The Nokia Lumia 1020 is quite unlike any other smartphone on the market today. This reality—its sidestep from the mainstream—may be an indication of the kind of sales that Nokia and AT&T, which will begin selling it this Friday, July 26, can expect.
It's not for everyone.
It's not for people who care about a good handful of things and want them to be done equally well and presented in a thin, light, attractive package.
The Lumia 1020 is for people who care about a good handful of things but really, really, especially care about having a super-duper, crazy-amazing camera and are willing to sacrifice the thin, light, attractive package to have it.
The 1020 features a 4.5-inch AMOLED WXGA display with 2.5-D sculpted Gorilla Glass 3 that, like the matte polycarbonate rest of it, feels wonderful in the hand. But it's a lot in the hand. If you are buying the Lumia 1020 you are conceding: "This phone is big and so what? It has a crazy-amazing camera and that's what I care about most."
The 1020 has a silver-dollar–size camera stuck to its back that prevents it from sitting flat on table. Instead, because the camera is at the top, it sits propped up, in a rather convenient way, actually, that makes it easy to view updates at a glance. The phone is light enough, though—or the camera not heavy enough—that if you use it as it sits in this convenient-seeming way, it rocks. Not in an awesome way.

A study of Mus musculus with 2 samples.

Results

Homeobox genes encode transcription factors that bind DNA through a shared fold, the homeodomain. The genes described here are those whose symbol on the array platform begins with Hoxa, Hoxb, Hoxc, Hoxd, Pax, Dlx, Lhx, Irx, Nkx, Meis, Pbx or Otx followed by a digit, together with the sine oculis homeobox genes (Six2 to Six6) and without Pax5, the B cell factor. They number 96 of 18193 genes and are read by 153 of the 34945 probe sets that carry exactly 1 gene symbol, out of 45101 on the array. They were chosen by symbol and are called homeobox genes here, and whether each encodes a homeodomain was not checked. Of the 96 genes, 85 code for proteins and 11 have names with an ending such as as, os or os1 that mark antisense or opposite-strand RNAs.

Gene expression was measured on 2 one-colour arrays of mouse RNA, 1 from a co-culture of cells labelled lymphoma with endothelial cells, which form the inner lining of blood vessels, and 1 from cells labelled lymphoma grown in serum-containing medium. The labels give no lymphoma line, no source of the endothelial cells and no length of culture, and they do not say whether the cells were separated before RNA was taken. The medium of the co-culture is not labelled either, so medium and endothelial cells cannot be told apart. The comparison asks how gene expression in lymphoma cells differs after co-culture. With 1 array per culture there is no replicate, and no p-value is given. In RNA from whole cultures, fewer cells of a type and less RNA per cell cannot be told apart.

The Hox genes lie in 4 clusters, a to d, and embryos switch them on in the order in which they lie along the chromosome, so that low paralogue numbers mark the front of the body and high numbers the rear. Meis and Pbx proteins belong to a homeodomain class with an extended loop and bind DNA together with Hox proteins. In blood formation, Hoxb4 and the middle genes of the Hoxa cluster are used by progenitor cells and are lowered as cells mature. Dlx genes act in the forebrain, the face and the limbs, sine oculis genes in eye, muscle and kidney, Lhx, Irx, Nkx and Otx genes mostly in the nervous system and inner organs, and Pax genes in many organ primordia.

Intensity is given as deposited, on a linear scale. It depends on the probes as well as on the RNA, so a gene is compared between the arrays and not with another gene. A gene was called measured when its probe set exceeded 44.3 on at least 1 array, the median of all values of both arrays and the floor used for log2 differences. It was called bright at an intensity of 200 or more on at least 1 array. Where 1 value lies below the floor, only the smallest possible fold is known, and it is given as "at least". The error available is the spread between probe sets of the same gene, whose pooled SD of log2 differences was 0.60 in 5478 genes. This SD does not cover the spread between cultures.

These are only early thoughts, after a few hours with the Lumia 1020—I'll post a full review in a few days.
What's clear to me already, though, is that the screen is bright and crisp and beautiful and its 2.5-D (which is to say, nearly 3-D) technology is pretty cool—striking, certainly—in some apps. The sound is great and the speaker is way louder and more clear than I was expecting. Windows Phone takes a little getting used to. And the camera, if one is to take full advantage of it, requires some patience and tutorial-watching.
I say the latter because while I have snapped some very nice photos and taken non-wobbly videos, I've yet to take anything that seems heads above the other phones on my desk or in my household.
It takes very crisp, rich photos that can be location tagged and even zoomed-out of, as illogical as that sounds. But the Lumia 1020 features a 41-megapixel sensor. Packed in that bulging silver dollar are Zeiss optics with six physical lenses, plus optical stabilization. There are tiny ball bearings in this phone—you can hear them if you give the phone a jiggle—cushioning the camera and ensuring blur-free photos.
Better photos than I've taken—and videos with zoom-in quality like Nokia showed off during the 1020's New York launch event, playing footage that revealed pollen clinging to the hairy back legs of honey bees—absolutely have to be possible. Let's give it some time.